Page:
Review: Disney's convoluted fantasy epic 'Raya and the Last Dragon' finds its stride
Courtesy of Disney
A giant and splashy animated splendor that only Disney knows how to manufacture, “Raya and the Last Dragon” fires on all cylinders despite some convoluted missteps. Made for the big screen with its glistening “Mad Max” deserted landscape and “Game of Thrones” level narrative, “Raya” is set for a dual release: theaters and Disney+ for an added fee, giving families something to sink their teeth into that isn’t “Tom & Jerry.” But “Raya” stumbles over its own mythology, undermining the expansive worldview it constructs in favor of the classic Disney formula. I’m never a fan when animated films - especially within five minutes - practically gives away the entire movie, but the animation is top-tier and the voice work by Kelly Marie Tran and Awkwafina make this an easily approachable/entertaining ride.
Set 500 years after a plague called the Druun, and when the “last” dragon named Sisu (Awkwafina), roamed the earth, Raya (Tran) is tasked with protecting a prized gem enriched with dragon magic. The gem, left after the Drunn were defeated, divided humanity into five different factions: Heart, Fang, Talon, Tail, and Spine. Now Raya, alongside her father Chief Benja (Daniel Dae Kim) dream of uniting the countries to rebuild the united world of Kumandra. That all changes when Fang princess Namarri (Gemma Chan) tries to steal the gem and accidentally breaks it, unleashing a wild pack of Druun which turns citizens, including Benja, into stone.
Fast forward six years, Raya - who barely escaped the attack - is left roaming the wastelands via her giant armadillo searching for Sisu, the key to reshaping the broken gem and ending Drunn’s reign. This heavy expositional and extended prologue dampers the first 25 minutes of “Raya'' and it isn’t until Sisu roars to life - thanks to Awakfina’s infectious voice presence - that Don Hall and Carlo Lopez Estrada’s picture comes alive as well. Once the film sets the dynamic between Raya and Sisu, “Last Dragon” finds its stride and the action sequences flourish.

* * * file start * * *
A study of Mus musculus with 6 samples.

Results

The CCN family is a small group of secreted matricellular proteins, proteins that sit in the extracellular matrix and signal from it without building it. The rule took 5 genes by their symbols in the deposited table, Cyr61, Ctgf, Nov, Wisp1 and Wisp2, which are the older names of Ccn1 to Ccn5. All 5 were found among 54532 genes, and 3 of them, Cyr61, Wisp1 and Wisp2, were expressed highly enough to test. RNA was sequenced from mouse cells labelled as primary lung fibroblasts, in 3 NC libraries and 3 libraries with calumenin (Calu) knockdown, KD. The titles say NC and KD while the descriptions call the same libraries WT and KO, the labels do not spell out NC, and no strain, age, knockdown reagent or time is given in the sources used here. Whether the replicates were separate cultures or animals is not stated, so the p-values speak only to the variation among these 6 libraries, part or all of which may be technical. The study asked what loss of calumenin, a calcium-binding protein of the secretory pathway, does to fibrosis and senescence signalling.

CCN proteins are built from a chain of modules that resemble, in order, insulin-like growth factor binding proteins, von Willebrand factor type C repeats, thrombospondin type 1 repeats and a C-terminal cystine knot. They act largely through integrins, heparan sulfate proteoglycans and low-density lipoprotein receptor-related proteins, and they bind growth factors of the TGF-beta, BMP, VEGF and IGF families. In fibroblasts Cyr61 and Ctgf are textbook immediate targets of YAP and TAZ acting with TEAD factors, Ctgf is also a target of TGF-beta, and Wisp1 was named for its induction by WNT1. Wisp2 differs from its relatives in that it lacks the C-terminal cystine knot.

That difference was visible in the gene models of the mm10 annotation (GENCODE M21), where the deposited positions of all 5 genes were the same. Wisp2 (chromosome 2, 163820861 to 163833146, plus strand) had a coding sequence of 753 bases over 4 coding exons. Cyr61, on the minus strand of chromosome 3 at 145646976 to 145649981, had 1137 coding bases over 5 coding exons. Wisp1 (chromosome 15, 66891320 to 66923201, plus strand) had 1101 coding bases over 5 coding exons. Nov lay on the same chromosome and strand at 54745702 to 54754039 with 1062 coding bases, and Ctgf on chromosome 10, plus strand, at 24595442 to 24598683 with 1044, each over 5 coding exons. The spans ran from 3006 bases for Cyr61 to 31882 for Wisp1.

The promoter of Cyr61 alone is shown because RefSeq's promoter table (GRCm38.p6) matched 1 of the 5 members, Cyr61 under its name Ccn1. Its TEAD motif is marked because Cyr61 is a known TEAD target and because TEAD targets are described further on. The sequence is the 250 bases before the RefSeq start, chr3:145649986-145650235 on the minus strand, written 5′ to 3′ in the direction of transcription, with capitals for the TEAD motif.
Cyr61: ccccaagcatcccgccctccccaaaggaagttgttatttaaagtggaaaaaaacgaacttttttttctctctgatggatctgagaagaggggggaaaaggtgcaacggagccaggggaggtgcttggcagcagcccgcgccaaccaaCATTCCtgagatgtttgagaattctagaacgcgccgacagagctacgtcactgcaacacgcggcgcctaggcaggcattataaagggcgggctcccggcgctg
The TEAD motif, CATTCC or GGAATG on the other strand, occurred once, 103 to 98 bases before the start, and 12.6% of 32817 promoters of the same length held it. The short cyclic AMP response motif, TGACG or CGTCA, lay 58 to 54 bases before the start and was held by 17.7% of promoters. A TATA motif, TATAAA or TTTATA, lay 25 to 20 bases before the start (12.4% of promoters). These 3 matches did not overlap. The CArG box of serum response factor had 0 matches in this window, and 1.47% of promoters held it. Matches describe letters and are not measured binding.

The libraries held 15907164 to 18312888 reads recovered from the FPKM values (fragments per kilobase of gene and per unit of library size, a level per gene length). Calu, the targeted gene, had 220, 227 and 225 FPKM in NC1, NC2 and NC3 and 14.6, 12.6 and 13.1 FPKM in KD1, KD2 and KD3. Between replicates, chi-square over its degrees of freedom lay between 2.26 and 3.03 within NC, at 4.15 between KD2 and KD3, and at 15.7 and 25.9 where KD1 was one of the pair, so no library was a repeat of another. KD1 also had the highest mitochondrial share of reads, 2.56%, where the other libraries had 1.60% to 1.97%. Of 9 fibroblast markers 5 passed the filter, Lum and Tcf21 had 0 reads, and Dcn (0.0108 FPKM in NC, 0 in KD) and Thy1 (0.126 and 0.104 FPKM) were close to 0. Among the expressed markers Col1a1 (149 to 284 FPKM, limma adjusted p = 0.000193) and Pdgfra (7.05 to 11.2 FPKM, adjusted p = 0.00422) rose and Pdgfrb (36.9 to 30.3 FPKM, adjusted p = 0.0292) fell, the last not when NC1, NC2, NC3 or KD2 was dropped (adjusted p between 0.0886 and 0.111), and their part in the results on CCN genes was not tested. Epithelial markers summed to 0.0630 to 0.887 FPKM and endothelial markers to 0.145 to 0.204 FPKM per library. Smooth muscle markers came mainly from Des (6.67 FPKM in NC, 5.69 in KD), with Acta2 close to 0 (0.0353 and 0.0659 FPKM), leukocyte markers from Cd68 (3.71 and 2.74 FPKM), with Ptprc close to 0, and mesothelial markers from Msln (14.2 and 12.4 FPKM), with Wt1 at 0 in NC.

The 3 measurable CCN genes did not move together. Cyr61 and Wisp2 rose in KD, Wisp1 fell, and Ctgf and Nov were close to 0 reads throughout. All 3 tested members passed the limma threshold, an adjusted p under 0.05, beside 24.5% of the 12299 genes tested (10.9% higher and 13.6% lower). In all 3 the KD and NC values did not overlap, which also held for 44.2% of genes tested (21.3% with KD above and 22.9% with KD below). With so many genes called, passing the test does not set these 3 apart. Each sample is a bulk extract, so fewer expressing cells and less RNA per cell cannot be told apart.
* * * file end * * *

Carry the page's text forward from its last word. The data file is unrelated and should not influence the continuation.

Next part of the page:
“Raya and the Last Dragon” does hit a spat of redundancy, constantly reminding audiences about the basic fundamentals of trust. It wouldn’t be a terrible message if it wasn’t jammed down our throats whenever a character questions their own loyalty. Throughout the film, Sisu pushes Raya outside her comfort zone, urging a reevaluation of relationships and placing trust in her fellow neighbor, which considering the stark divisions that exist today, isn’t the worst idea, even if its half-handed objective couldn’t be more obvious.
Of course, no child indulging in the spectacle of “Raya” will lean heavily into those savvy undertones, but getting a colorful palette and an array of relatable characters (from a giant lovable oaf to a con-artist baby) works the same. For adults, “Raya and the Last Dragon” thrives when you let go of Kumandra’s lore, and lose yourself in the scale of what’s pieced together. Sadly, some of that luster dwindles on the small screen, plus distractions at home could prove irksome, but that doesn’t hinder the story’s core values and the extraordinary work these animators have accomplished.
RAYA AND THE LAST DRAGON opens in theaters and debuts on Disney+ with premier access Friday, March 5th.